VENICE FILM REVIEW: Michele Placido’s ‘The Great Dream’

Il grande sogno x650By Ray Bennett

VENICE – A kind of Italian “The Way We Were” although without that film’s epic ambition, Michele Placido’s “Il Grande Sogno” (The Great Dream) tells of a love triangle set against the political turmoil and student protests in Italy in the late 1960s.

With attractive performances, especially by Jasmine Trinca, who won the Marcello Mastroianni Award for best young actor or actress at the Venice International Film Festival, the polished, atmospheric production will take the film to success at festivals and in art houses internationally.

The handsomely mounted film deals a lot in nostalgia for those who were young at the time including the director, who has said there are some autobiographical elements to the story. Trinca plays Laura, a beautiful but bookish young woman from a traditional Roman Catholic family who gets caught up in the anti-war passions of the time.

At university, she meets charismatic protest organizer Libero (Luca Argentero) and throws herself into the marches and sit-ins that result. Meanwhile, young police officer Nicola (Riccardo Scamarcio, above right with Trinca and Argentero) has discovered that he’s not best suited for the military requirements of policing and accepts a position going undercover at the protests.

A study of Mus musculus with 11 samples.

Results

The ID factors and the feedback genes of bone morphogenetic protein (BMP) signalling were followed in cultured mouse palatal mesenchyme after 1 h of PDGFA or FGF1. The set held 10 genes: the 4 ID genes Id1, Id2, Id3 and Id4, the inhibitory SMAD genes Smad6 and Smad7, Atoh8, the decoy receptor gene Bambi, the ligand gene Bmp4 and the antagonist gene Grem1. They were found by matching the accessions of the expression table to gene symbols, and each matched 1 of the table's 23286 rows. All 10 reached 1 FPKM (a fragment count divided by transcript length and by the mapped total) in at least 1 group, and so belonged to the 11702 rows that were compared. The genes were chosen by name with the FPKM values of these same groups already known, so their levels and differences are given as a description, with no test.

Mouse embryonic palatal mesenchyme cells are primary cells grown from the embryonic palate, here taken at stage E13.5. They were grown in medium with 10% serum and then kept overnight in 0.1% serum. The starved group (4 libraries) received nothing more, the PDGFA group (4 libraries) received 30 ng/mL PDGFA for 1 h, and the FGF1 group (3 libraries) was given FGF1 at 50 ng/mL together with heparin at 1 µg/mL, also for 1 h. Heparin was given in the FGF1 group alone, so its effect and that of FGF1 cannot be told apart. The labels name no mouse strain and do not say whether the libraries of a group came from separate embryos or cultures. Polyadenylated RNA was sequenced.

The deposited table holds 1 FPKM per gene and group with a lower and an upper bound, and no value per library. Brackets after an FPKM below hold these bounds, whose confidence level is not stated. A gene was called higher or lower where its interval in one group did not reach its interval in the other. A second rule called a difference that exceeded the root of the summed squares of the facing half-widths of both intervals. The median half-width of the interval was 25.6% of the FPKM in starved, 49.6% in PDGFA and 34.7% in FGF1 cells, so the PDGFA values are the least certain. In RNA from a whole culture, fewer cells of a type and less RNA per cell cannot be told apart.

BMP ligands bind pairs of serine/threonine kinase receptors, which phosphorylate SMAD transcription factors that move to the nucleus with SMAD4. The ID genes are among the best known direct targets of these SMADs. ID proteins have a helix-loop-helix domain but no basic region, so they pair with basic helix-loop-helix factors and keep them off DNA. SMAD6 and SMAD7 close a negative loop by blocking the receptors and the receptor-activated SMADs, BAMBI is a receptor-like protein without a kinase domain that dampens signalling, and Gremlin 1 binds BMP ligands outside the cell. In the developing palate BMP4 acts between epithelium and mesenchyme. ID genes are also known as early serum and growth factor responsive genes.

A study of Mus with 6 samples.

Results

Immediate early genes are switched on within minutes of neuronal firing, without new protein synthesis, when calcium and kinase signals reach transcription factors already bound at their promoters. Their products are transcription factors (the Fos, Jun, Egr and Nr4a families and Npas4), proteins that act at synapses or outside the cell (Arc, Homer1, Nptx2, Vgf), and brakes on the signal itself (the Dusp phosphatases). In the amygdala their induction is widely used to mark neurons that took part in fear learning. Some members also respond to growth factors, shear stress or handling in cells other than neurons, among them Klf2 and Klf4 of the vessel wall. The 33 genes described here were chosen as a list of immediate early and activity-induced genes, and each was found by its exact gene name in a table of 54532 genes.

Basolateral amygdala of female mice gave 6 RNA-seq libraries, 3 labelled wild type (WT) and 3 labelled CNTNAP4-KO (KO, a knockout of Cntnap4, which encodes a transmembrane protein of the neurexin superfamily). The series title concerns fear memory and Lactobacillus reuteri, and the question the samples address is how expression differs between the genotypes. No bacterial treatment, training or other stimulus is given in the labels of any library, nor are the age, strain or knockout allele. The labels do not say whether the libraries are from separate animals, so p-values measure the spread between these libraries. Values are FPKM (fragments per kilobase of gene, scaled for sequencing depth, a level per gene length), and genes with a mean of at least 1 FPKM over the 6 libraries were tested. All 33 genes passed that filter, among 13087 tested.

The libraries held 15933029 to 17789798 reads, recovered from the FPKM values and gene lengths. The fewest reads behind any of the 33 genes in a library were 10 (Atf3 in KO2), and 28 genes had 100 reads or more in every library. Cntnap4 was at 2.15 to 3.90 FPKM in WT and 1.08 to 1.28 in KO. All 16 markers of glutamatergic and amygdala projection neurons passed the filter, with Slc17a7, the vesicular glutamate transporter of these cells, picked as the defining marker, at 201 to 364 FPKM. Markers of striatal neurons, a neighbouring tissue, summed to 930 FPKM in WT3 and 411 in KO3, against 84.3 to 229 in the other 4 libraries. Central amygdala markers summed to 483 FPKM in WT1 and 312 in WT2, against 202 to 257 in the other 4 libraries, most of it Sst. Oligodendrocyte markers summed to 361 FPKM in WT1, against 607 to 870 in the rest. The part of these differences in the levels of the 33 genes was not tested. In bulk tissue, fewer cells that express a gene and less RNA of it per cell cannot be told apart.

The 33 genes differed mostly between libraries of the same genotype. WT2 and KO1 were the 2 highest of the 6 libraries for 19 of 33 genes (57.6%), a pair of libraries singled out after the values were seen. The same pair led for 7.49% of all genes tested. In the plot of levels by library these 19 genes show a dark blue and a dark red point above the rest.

Jasmine Trinca x650

In his guise as a student, Nicola meets Laura and they fall in love with Libero looking on and being surprisingly tolerant. The fabrications inevitably unravel and the film follows the threesome as the political tension escalates.

Placido does well to evoke the period mixing what appears to be documentary footage in with cinematographer Armaldo Catinari’s evocative images.

Laura’s family, with her two brothers in teenaged rebellion against middle-class traditions, is well drawn and the screenplay by Doriana Leondeff and Angelo Pasquini balances the elements cleverly while Nicola Piovani’s score enhances it all.

Scamarcio is plausible as a handsome cop who would rather be an actor and Argentero brings knowing experience to his role of the elder statesman of the protest scene. Trinca combines her fetching looks with a spirited depiction of a young woman striding boldly into the world to leave a lasting impression.

Venue: Venice International Film Festival, In Competition; Cast: Riccardo Scamarcio, Jasmine Trinca, Luca Argentero; Director: Michele Placido; Writers: Doriana Leondeff, Angelo Pasquini, Michele Placido; Director of photography: Arnaldo Catinari; Production designer: Francesco Frigeri; Music: Nicola Piovani; Costume designer: Claudio Cordaro; Editor: Consuelo Catucci;; Producers: Pietro Valsecchi, Camilla Nesbitt; Production: Taodue, Babe Film, Medusa Film; Sales: Films Distrubution; Not rated; running time, 101 mins.

This review appeared in The Hollywood Reporter.